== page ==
Monday, August 1, 2011

Reflections on Emptiness and the Void

Thomas Merton: On "Desert and Void"
"The uncreated is waste and emptiness to the creature - not even sand, not even stone, not even darkness and night. A burning wilderness would at least be something. It burns and is wild. But the uncreated is no something. Waste, emptiness, total poverty of the creator. Yet from this poverty springs everything. The waste is inexhaustible, infinite zero. Everything comes from this desert nothing. Everything wants to return to it and cannot. For who can return nowhere?"

"But for each of us there is a point of nowhereness in the middle of movement, a point of nothingness in the midst of being - the incomparable point not to be discovered by insight. If you seek it you do not find it, if you stop seeking it is there. But you must not turn to it. Once you become aware of yourself as seeker, you are lost. But if you are content to be lost you will be found without knowing it, precisely because you are lost. For you are, at last, nowhere."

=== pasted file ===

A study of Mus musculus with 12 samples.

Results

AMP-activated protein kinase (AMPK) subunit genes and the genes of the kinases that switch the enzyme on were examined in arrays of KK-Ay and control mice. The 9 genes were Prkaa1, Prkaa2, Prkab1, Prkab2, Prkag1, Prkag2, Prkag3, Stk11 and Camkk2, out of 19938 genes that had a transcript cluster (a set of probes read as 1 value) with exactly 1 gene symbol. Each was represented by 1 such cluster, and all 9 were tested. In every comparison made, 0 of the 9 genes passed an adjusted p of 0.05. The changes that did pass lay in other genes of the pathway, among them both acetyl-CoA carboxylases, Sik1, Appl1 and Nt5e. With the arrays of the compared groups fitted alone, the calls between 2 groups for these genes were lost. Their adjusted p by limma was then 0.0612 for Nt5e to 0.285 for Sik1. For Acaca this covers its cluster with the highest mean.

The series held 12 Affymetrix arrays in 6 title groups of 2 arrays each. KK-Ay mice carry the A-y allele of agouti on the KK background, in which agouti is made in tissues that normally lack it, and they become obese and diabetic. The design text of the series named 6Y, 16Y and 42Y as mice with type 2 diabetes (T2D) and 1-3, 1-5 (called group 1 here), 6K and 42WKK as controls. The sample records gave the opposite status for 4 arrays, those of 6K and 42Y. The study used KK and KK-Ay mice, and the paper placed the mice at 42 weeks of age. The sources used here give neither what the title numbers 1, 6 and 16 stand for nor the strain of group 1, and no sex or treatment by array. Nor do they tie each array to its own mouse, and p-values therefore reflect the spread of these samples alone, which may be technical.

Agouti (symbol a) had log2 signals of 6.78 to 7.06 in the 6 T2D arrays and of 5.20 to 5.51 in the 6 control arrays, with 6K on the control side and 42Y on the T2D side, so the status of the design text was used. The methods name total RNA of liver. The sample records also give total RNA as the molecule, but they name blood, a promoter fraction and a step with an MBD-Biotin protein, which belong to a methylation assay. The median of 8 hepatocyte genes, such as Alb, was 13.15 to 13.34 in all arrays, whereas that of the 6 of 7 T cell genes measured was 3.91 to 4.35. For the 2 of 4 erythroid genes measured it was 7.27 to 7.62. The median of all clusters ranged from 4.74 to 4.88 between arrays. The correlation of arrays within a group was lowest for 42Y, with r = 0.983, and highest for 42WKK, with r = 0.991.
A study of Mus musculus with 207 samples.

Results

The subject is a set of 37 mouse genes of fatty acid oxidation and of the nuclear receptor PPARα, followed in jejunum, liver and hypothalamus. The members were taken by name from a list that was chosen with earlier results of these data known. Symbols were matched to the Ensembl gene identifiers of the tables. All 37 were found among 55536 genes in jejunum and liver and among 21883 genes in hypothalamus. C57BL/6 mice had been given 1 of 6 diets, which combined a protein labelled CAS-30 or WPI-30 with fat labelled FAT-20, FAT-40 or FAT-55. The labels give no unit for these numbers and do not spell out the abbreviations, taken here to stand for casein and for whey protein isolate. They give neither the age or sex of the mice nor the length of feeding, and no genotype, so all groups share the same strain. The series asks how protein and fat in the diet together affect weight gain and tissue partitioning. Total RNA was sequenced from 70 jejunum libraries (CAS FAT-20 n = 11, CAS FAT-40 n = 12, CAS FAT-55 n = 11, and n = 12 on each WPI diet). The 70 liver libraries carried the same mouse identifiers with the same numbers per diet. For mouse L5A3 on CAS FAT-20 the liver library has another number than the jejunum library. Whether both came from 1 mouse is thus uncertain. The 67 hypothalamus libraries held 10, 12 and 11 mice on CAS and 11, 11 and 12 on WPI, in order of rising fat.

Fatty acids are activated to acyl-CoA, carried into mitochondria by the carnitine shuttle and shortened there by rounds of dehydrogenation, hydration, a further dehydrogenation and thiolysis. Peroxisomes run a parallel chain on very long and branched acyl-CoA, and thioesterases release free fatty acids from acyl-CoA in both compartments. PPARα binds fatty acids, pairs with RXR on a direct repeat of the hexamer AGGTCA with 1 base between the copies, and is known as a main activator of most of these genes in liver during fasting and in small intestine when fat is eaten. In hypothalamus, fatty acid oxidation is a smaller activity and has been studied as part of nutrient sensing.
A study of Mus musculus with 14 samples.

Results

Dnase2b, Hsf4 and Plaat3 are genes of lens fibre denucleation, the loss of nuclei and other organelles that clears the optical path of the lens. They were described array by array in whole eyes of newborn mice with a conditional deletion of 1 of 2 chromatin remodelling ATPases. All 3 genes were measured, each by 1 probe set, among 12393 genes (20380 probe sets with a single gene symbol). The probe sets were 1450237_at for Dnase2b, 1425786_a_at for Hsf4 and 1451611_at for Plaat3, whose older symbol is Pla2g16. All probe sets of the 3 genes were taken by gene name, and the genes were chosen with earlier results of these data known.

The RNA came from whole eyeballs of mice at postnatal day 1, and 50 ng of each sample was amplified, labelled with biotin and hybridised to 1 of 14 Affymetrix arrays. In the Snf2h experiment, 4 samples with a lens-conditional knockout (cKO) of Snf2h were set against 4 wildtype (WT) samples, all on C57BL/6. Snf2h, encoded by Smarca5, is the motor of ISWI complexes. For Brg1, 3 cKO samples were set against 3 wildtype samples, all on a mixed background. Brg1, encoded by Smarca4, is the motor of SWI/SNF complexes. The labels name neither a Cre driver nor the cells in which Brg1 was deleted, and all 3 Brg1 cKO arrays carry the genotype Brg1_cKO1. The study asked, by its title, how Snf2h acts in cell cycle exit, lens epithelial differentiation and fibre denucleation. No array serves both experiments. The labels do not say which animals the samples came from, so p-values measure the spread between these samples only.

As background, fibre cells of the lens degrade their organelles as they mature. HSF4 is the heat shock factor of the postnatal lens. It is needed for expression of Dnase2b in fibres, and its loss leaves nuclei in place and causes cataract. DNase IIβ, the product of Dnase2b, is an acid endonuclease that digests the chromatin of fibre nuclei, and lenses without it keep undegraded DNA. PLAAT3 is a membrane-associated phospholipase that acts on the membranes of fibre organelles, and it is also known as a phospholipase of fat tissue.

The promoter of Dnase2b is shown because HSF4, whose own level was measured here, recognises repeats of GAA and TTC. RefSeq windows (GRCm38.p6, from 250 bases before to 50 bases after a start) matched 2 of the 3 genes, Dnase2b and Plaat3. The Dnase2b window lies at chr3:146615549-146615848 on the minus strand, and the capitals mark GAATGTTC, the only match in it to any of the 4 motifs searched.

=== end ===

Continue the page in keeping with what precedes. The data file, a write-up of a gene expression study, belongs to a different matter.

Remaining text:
Thomas Merton: On 'Form and Nothingness'
"The perfect act is empty. Who can see it? He who forgets form. Out of the formed, the unformed. The empty act proceeds with its own form. Perfect form is momentary, its perfection vanishes at once. Perfection and emptiness work together, for they are the same - the coincidence of momentary form and eternal nothingness. Form, the flash of nothingness. Forget form and it suddenly appears, ringed and reverberating with its own light, which is nothing."

"Well then, stop seeking, let it all happen, let it come and go. What? Everything - i.e., nothing."